Chester's Anton Sterling, center, is safely tucked behind linemen Jahsyed Cruz, left, and Jahiem Golden in the first half Thursday. Sterling ran for a touchdown and 100 yards in a 30-0 win over Penn Wood. (Pete Bannan/MediaNews Group)

YEADON — Defense means a lot of things around the Chester football program.

In the spring of 2021, it means doughnuts – as in a run to Dunkin’ made by the coaches for the defensive unit to start Monday practice on a celebratory note after each shutout.

“We get doughnuts every Monday every time we skunk somebody,” linebacker Jakai Boegertey said Friday. “We love doughnuts.”

Chester quarterback Isaiah Freeman dives across the goal line as Penn Wood’s Malik Brooks tries to defend in the second quarter. Freeman ran for two touchdowns in a 30-0 win over Penn Wood. (Pete Bannan/MediaNews Group)

For the fourth time this season, the coaches will be ordering up four dozen to feed a hungry defense on Monday.

Chester made it four games without allowing a point this season, holding Penn Wood to 83 yards of total offense in a 30-0 win at Kerr Field Thursday afternoon in a battle of United X League unbeatens.

Baked goodies aside, Chester isn’t a stranger to shutout streaks. It started the 2019 season way back when with three straight shutouts before Bartram scored on them, a harbinger of the three-game losing streak to come. Last on that run was a 15-6 loss at Penn Wood.

Thursday, the defense made sure that history came nowhere near repeating. The Clippers have outscored opponents 109-0 this season, to the detriment of the coaches’ doughnut budget.

The Patriots (3-1) moved the ball well on their first two drives, penetrating deep into Clippers territory. But Darron Miller stopped the first drive with a tackle for loss on a pass to Malik Brooks in the flat on fourth-and-4 at the 26, then Jerimiah Gates tossed quarterback Jason Kempf for a loss on fourth-and-4 at the 7.

Penn Wood only got that close one more time over the remaining two and a half quarters, and that fourth-quarter attempt ended when Colin Ferrell picked off Kempf on fourth down.

“We came out strong,” Penn Wood running back Jordin Jones said. “We wanted to come out the way we did, come out strong and get big plays. It just fell off. Everything stopped working and they just wanted it more.”

The young Patriots struggled after those first two drives. Jones ran for 40 yards on 19 carries; he had 43 yards on his first 11 totes. Brooks touched the ball just three times, rarely getting space outside the tackles. Mike Price ran off a 22-yard jet sweep and returned a kickoff 54 yards to set up the series ending in Ferrell’s interception, but he got just three offensive touches. Kempf struggled, going 7-for-11 for 25 yards.

“People know what we can do with the ball in space,” Jones said. “They (Chester) knew what we could do with the ball in space. So that’s why they loaded the box. We couldn’t stop it in the box and couldn’t get the ball out.”

Much of the problem is that when the Clippers tackle you, you stay tackled. The tone is set by the ball-hawking linebacking corps of Boegertey, Miller and Noble Thompson, a precocious group of which only Boegertey is a senior.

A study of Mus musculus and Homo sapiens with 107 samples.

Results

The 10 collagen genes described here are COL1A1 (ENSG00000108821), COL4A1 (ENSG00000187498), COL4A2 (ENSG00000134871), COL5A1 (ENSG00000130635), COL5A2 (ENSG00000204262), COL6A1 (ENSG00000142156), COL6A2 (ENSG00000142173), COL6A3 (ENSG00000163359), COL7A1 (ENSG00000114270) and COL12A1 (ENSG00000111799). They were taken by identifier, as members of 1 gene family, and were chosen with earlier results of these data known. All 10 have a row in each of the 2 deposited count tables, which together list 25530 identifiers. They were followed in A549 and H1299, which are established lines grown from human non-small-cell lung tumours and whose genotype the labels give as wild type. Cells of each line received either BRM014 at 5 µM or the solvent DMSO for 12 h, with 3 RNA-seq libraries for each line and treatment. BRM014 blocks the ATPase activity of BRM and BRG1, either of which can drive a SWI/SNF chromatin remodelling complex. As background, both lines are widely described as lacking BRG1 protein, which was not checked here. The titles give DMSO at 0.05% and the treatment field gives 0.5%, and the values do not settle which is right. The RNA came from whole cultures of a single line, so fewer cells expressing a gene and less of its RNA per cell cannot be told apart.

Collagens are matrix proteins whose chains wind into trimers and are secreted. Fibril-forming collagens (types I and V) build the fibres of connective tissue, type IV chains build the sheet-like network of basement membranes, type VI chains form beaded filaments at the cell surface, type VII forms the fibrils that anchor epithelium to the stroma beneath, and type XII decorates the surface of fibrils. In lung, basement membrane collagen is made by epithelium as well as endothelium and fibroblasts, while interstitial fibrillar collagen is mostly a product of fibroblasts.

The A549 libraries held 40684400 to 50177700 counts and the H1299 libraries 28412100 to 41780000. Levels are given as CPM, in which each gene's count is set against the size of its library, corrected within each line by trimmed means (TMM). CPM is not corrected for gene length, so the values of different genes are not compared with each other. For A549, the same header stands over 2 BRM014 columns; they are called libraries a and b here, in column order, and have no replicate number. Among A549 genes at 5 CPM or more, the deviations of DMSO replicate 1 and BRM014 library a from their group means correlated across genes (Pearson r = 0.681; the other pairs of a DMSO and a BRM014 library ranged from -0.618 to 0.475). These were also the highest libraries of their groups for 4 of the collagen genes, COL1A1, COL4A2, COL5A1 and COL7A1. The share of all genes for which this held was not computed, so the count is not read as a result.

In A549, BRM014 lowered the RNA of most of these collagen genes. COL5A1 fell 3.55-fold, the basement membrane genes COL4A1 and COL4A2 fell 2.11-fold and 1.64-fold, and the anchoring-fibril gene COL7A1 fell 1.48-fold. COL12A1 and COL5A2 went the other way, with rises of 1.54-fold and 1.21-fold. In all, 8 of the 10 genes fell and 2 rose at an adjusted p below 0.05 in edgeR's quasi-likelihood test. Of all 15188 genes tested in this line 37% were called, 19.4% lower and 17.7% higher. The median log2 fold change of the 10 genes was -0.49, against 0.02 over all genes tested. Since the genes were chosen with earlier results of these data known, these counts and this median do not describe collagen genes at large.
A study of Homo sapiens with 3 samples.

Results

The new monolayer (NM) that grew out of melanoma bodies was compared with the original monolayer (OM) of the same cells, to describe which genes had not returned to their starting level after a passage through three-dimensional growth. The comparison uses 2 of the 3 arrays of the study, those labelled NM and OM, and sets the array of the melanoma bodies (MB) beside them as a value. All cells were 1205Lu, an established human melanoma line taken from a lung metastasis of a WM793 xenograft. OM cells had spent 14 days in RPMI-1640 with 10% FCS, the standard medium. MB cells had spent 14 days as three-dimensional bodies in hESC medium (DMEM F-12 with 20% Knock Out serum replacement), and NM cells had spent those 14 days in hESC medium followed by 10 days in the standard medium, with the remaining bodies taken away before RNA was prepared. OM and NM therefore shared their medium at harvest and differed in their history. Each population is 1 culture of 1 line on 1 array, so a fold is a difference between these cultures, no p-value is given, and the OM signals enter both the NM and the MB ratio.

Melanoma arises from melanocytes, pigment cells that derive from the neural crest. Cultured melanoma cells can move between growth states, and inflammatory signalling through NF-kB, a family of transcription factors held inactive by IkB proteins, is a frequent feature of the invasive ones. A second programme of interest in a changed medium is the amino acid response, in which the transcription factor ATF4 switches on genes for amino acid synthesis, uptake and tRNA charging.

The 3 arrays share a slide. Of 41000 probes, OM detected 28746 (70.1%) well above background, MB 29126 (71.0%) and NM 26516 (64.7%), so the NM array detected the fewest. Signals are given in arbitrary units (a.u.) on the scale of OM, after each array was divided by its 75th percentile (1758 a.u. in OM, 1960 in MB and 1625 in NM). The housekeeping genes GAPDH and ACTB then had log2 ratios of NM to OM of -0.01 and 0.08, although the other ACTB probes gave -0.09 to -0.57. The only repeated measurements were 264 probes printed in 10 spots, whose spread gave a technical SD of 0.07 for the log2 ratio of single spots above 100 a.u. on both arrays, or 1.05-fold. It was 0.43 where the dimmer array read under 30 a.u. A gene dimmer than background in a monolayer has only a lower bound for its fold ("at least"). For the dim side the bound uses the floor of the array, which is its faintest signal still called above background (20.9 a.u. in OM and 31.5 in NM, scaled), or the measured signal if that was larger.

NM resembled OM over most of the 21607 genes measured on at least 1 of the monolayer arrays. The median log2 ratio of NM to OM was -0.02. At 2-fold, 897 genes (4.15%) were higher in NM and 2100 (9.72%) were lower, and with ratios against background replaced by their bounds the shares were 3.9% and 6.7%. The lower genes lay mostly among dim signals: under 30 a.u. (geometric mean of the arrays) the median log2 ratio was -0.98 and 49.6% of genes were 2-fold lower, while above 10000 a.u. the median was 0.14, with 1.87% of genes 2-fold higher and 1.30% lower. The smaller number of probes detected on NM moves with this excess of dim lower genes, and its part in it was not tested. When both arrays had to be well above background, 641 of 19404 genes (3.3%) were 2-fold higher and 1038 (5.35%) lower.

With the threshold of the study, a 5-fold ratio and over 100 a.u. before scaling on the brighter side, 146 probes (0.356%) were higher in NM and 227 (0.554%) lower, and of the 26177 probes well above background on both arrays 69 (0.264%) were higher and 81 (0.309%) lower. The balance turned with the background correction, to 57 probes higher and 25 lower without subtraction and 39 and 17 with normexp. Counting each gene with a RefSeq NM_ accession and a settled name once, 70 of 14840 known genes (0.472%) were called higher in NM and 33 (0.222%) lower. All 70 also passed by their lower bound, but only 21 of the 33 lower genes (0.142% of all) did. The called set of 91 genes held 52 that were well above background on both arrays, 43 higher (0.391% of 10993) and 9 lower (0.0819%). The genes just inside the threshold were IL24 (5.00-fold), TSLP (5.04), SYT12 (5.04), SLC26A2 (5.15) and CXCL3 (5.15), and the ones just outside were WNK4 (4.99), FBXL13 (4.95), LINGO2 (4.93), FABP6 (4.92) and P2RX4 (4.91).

From there, Chester’s running game took over. The Clippers carried 41 times for 208 yards, the average was even higher before the reserves entered. Anton Sterling, who opened the scoring with a 19-yard dash at 3:08 of the first quarter, carried 13 times for 100 yards. He’s the workhorse that was needed for only two totes in the second half.

Chester’s Darron Miller, left, goes high and Jakai Boergertey gets low to stop Penn Wood rusher Malik Brooks in the first quarter Thursday, as the Clippers went on to a 30-0 shutout victory at Kerr Field. (Pete Bannan/MediaNews Group)

Quarterback Isaiah Freeman carried seven times for 25 yards, including scores of 14 and two yards. He tossed a 40-yard bomb to Jason Stone on a modified Philly special in the fourth quarter.

With Boegertey (six for 37) and Zahki Jimerson (five for 38) also productive on the ground, the focus shifts to an offensive line that dominated the trenches. Sterling’s touchdown was instructive: A sweep around left end, he broke the line with guard Jahsyed Cruz pulling in front of him, the two trucking into the end zone in convoy.

“We know the linemen, they’re going to block regardless,” said Sterling, who scored five times in last week’s rout of Reading. “They block every down. And they continue to block every game. They get us yards. … It’s amazing to know that they can move like that and I’m right behind them, knowing they can fill the blocks for me and I fly right past them.”

After all the waiting, Chester is making the most of its chance to get on the field. It informs the mentality of no let-ups, even when games get out of hand, as three of their outings have been.

“It feels good, knowing what we went through, knowing corona shut us down, we couldn’t do the things we wanted to do,” Sterling said. “And we’re out here winning every game like we’re supposed to. We worked hard for it. Every single day we trained in the offseason, even though we couldn’t be here, we trained and then we just come out and get the W.”

And, you know, if there’s a little extra glazed motivation in that mix, so be it.

“We just keep that same mindset as last year,” Miller said. “Every play, go hard. Don’t let anyone take advantage. Every play, go hard. Straight doughnuts.”